Prior trials of hemostatic agents in patients with intracerebral hemorrhage have not been associated with improved functional outcomes. In this prespecified subgroup analysis of the TICH-2 trial (Tranexamic Acid for Hyperacute Intracerebral Haemorrhage), investigators hypothesized that patients with intracerebral hemorrhage and spot sign, who are at high risk of hematoma expansion, may benefit from tranexamic acid relative to patients without the spot sign. A total of 245 patients were included in the study with similar baseline characteristics to the original TICH-2 cohort, except the time from onset to administration of the trial drug was shorter in those who underwent computed tomography angiography or contrast-enhanced computed tomography. Overall, there was no difference in hematoma progression between the tranexamic acid group and the placebo group. Similarly, there was no difference in adverse events or functional outcomes at 90 days between the 2 groups. The investigators were, therefore, unable to demonstrate that the presence of a spot sign impacted the response to tranexamic acid versus placebo in patients with intracerebral hemorrhage. These results, however, are limited in the setting of a small, underpowered sample size. Similar to prior trials in which administration of the hemostatic agent was delayed, delays in administering tranexamic acid after identifying a spot sign (median time 76 minutes) may have impacted the overall results and limited the extent to which hematoma expansion could have been prevented. Further research is needed to assess whether very early administration of hemostatic agents in the presence of a spot sign would be beneficial in preventing hematoma expansion and improving functional outcomes in patients with intracerebral hemorrhage. See p 2629.

Deintensification or No Statin Treatment Is Associated With Higher Mortality in Patients With Ischemic Stroke or Transient Ischemic Attack

The benefit of statins for secondary stroke prevention in patients with atherosclerotic disease has been well established. In this observational study, investigators identified the effect of various statin treatment patterns on mortality after stroke and transient ischemic attack using pharmacy data across the Veterans Health Administration hospitals in the United States. In this cohort of 9380 patients (predominantly white males), 51% were not on statin at hospital admission, and 34% were not discharged on a statin after stroke or transient ischemic attack. Deintensification of statin therapy at hospital discharge occurred in 14% and 21% had no statin at admission and discharge. Compared with patients at goal for statin therapy at hospital discharge, deintensification of statin therapy was associated with 1.6 greater odds of 30-day mortality (95% CI, 1.06–2.41) and 1.26 greater odds of 1-year mortality (95% CI, 1.02–1.57). Patients who were discharged after stroke or transient ischemic attack without statin therapy had a 2-fold increased risk of 30-day mortality (95% CI, 1.42–2.82) and 1.6-fold higher risk of 1-year mortality (95% CI, 1.30–1.93). Interestingly, patients in the no statin group or statin deintensification group had less chronic comorbidities and less severe stroke, yet the study results remain similar after multivariable adjustment. This study not only confirms the benefit of statin therapy after stroke but also raises awareness on statin underutilization in the real-world setting and the potentially devastating effect on patient outcomes. See p 2521.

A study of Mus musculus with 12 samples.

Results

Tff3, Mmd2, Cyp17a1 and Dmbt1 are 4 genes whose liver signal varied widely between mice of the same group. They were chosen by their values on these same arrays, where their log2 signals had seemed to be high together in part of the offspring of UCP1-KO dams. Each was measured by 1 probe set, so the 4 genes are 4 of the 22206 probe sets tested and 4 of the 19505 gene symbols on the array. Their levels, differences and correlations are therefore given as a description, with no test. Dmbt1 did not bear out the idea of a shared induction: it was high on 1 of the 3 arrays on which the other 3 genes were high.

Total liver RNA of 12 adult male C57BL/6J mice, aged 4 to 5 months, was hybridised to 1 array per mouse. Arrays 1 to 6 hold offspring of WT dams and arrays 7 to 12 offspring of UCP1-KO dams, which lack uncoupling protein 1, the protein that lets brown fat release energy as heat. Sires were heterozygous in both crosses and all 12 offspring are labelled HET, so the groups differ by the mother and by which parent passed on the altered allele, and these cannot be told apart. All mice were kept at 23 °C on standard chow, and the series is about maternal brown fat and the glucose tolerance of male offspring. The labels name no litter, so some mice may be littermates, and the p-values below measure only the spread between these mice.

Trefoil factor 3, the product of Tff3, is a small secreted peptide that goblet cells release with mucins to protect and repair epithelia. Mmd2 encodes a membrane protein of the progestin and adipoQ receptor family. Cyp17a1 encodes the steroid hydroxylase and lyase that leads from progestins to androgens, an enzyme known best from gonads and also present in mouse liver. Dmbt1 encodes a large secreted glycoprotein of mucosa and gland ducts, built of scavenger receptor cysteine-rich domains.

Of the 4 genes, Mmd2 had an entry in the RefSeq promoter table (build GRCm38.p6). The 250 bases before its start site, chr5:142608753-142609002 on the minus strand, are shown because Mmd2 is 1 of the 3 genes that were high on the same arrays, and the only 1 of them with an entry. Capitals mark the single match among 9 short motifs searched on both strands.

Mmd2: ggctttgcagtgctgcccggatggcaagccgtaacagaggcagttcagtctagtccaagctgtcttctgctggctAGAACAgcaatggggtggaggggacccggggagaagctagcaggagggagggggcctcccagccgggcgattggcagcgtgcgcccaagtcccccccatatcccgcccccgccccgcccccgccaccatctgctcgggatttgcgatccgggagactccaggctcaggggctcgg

Access to Mechanical Thrombectomy for Ischemic Stroke in the United States

Although endovascular therapy (EVT) has become standard of care for large vessel occlusion stroke, timely access to a comprehensive stroke center that can provide EVT and post-EVT stroke care may vary geographically. In this study, investigators used a large all-payer claims database to characterize access to EVT across 11 states in the United States, characterizing centers as a thrombectomy hub if they perform EVT, a thrombectomy gateway if they transferred patients to a thrombectomy hub, and a thrombectomy gap if they neither performed nor transferred patients for EVT. Patients initially treated at thrombectomy hubs comprised 48.7% of the cohort, of which 4.8% underwent thrombectomy. Those initially presenting to thrombectomy gateways were significantly less likely to undergo thrombectomy compared with patients at thrombectomy hubs. Furthermore, 16% of the stroke cohort was initially treated at a thrombectomy gap, where EVT or transfer to an EVT facility was not offered. Not surprisingly, patients living in rural locations were significantly more likely to be treated at a thrombectomy gap hospital compared with patients living in more urban areas. Even in urban locations, however, roughly one-third of the population did not have speedy access to a thrombectomy hub. Overall, <50% of patients included in the study with acute ischemic stroke presented to a thrombectomy hub from 2016 to 2018. This study highlights the geographic disparities that exist in access to standard of care for large vessel occlusion stroke, obviating the need for optimizing stroke systems of care in the US to provide equal and timely access to thrombectomy regardless of geographic region. See p 2554.